The South Bay Expressway filed for Chapter 11 Bankruptcy (reorganization) last week after falling traffic forced its hand to manage its debt more effectively. The SBE is one of two roads allowed to be built in California during its brief early experiment with public private partnerships, and is currently managed by a private company. The other project is the highly successful 91 Express Lanes in Orange County.
In the South Bay Expressway’s case, the contract for the expressway was awarded in 1991, but environmental permits weren’t approved until 2003. The expressway opened in November 2007, just in time for gas prices to peak at historic levels and the financial crisis to trigger the Great Recession. It shouldn’t be much surprise that projects like the SBE might need to restructure their operations in light of falling vehicle traffic and lower household incomes.
Fortunately, the private market privates a mechanism for resolving many of these issues: Chapter 11 bankruptcy. The SBE isn’t going away. Chapter 11 simply allows it to restructure debt and operations to ensure the SBE continues as a viable enterprise. (Of course, even if the private company went out of business, the state government would still have the benefit if a new road it could manage and fund through toll revenue, just like the 91 Express Lanes in nearby Orange County.)
Fortunately, the hiccup of the SBE bankruptcy shouldn’t stop other projects in the pipeline. As the Bond Buyer (March 30, 2010) explains:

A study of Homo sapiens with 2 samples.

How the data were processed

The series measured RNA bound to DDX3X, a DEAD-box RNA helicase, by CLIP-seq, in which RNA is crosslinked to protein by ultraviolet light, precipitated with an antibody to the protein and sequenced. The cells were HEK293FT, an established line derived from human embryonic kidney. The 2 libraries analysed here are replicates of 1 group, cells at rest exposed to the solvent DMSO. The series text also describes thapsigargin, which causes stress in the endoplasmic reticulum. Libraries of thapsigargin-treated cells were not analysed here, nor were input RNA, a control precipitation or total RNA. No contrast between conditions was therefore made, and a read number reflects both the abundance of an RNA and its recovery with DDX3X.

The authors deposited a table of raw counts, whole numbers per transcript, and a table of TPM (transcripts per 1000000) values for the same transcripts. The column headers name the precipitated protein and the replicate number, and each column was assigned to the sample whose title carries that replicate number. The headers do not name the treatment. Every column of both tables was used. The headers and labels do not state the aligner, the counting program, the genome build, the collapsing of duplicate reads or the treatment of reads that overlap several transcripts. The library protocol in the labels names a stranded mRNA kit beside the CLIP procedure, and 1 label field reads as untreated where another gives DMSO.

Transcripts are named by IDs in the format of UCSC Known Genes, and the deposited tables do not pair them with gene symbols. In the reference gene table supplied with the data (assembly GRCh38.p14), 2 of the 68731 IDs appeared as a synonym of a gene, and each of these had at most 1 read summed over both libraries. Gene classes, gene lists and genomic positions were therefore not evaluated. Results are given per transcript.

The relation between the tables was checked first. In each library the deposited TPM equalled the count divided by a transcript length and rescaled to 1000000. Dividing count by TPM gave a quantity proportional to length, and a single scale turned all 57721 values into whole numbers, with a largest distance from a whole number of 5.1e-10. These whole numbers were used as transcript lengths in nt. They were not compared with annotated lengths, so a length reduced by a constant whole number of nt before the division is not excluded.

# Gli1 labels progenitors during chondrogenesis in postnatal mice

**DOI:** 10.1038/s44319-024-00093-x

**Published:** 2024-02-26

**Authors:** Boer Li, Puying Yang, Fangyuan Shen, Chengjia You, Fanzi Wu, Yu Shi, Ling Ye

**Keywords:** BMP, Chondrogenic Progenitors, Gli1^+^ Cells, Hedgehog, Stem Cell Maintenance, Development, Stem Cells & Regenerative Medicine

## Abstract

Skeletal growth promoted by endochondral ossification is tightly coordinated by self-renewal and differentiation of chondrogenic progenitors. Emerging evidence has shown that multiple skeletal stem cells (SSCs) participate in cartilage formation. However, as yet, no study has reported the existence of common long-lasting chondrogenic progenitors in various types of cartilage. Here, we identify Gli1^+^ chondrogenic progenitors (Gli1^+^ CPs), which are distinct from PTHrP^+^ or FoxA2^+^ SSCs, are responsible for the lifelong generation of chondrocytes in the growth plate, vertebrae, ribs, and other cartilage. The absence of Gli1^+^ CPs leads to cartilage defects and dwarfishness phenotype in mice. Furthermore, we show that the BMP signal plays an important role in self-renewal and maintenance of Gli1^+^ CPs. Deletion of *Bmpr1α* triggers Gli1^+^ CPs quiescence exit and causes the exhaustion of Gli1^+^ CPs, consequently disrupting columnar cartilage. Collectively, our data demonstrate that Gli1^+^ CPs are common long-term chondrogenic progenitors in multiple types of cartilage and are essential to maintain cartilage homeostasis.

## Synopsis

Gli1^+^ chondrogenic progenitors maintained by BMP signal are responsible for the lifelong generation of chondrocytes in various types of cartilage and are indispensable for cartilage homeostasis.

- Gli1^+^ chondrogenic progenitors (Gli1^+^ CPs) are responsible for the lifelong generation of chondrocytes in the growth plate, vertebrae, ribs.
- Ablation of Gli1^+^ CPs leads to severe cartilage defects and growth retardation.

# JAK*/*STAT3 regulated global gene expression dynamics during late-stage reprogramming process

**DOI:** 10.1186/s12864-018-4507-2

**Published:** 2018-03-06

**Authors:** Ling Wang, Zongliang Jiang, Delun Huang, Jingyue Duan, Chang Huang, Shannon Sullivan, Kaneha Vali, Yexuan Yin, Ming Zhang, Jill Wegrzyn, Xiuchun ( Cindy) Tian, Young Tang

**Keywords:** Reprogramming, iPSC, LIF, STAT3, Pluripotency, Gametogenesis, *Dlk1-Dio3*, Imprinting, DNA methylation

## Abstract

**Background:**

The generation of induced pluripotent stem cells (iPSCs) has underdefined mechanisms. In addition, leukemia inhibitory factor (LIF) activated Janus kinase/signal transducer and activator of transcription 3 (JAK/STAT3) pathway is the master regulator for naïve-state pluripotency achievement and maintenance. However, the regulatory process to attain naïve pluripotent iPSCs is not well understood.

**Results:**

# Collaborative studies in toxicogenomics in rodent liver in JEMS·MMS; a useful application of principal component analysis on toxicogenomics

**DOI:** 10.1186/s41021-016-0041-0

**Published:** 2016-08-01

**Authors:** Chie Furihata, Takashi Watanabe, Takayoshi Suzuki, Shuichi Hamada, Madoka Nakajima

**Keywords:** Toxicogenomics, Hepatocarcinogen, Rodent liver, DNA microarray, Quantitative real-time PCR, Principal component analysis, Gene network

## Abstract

South Bay Expressway’s bankruptcy filing comes as other greenfield P3 toll roads get underway around the country.
Last week, Florida announced plans to start the process of awarding a concession for a 46.5-mile toll road in St. Johns and Duval counties, and earlier this month Indiana lawmakers approved bills allowing that state’s governor to negotiate with private firms interested in a proposed toll road and a pair of Ohio River bridges.
The South Bay Expressway, according to a declaration filed with the bankruptcy court by chief financial officer Anthony Evans, owes $340 million on its senior loan, arranged by Spanish bank Banco Bilbao Vizcaya Argenteria SA, and owes $170 million to the federal government on a loan issued under the Transportation Infrastructure Finance and Innovation Act.
“The South Bay Expressway project is the first bankruptcy in the history of the 12-year TIFIA program,” Federal Highway Administration spokeswoman Cathy St. Denis said in a statement. “While we will carefully review and learn from this particular case, we remain confident that TIFIA will continue to serve an important role in advancing critical infrastructure projects.”